Controversial racial issues in sports are not a thing of the past. On the heels of Rob Parker’s comments about Robert Griffin III being a “cornball brother,” University of Portland’s Black Student Union (BSU) fielded questions about what it means to grow up black in America today. While one sit-down discussion between African Americans and Caucasian Americans at the University of Portland may not change everything, the BSU encouraged questions and open conversation about being black with students, teachers and community members from all backgrounds at their Shades of Black event last Tuesday February 26 in St. Mary’s.
One of the main discriminations discussed was the stereotype of black students as athletes. Although UP has many black athletes, the assumption that all black students are athletes is vastly inaccurate and students shared their experiences with it.
Men’s basketball guard, juinor Korey Thieleke feels the effects of this sort of stereotyping on a daily basis. Hailing from Oakland, Calif., Thieleke displays a variety of tattoos and a noticeable Oakland accent that results in many professors and students viewing him as only a basketball player and not as a student. They forget that Thieleke still had to get good grades like any other student in order to be accepted at UP. For black athletes like Thieleke, it can be insulting to feel that students and professors view them as a lesser student and disregard their academic abilities.
Kahlil Dumas, a sophomore at the University of Portland who was a member of the BSU panel, has also experienced the effects of racial stereotyping first hand. When he was 10 years old he was approached by a security guard who believed he stole something. This is just one of the outstanding racial stereotyping instances in his life. At UP, Dumas is often assumed to be a basketball player because of the color of his skin, when in fact, Kalil runs sprints for UP’s track team. Regardless of being an athlete or not, students agreed that the assumptions are invalidating.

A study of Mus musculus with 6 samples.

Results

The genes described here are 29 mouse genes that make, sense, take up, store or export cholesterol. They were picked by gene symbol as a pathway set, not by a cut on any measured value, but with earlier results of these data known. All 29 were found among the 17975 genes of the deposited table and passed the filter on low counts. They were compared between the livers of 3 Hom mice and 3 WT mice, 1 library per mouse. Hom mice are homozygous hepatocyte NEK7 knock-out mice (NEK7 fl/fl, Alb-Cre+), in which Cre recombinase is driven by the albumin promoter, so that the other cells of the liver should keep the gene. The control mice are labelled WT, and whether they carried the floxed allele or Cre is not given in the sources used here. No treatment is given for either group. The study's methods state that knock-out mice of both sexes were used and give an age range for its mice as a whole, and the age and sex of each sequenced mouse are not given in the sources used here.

“Professors would come up to me after class and say, ‘Since you’re on the basketball team do you need me to do anything for you?’” Dumas said.
Thieleke shares in his frustration that the worst feeling is being viewed by others as simply a basketball player instead of a student-athlete. When he first arrived on campus, others immediately characterized him as an athlete and said things like, “You must be a basketball player” rather than “You must go to school here.” Although the distinction may seem insignificant to some who do not feel this sort of stereotyping behavior, the BSU panel disagreed. The assumption of black young adults as athletes may seem flattering, but it is actually discriminatory because it invalidates and disregards their academic abilities. For the countless African American students who are not athletes, it can be disheartening to feel that others believe the only reason they are in college is because of sports. For those black students who are also athletes, the “dumb jock” stereotype is prevalent, and equally hurtful.
At the same time, some students found it to be a double-edged sword. For Dumas the track is a place of refuge, not stereotypes.
“When you run or workout, it is really your performance that’s talked about,” Dumas said. “I’m running in my 40 seconds, I’m able to just focus on one thing.”
Dumas may experience stereotypes, but once he’s competing it’s his abilities that are talked about, not the color of his skin. In the history of race the United States, that is a huge accomplishment.
“At some point you just have to laugh at it,” Dumas said.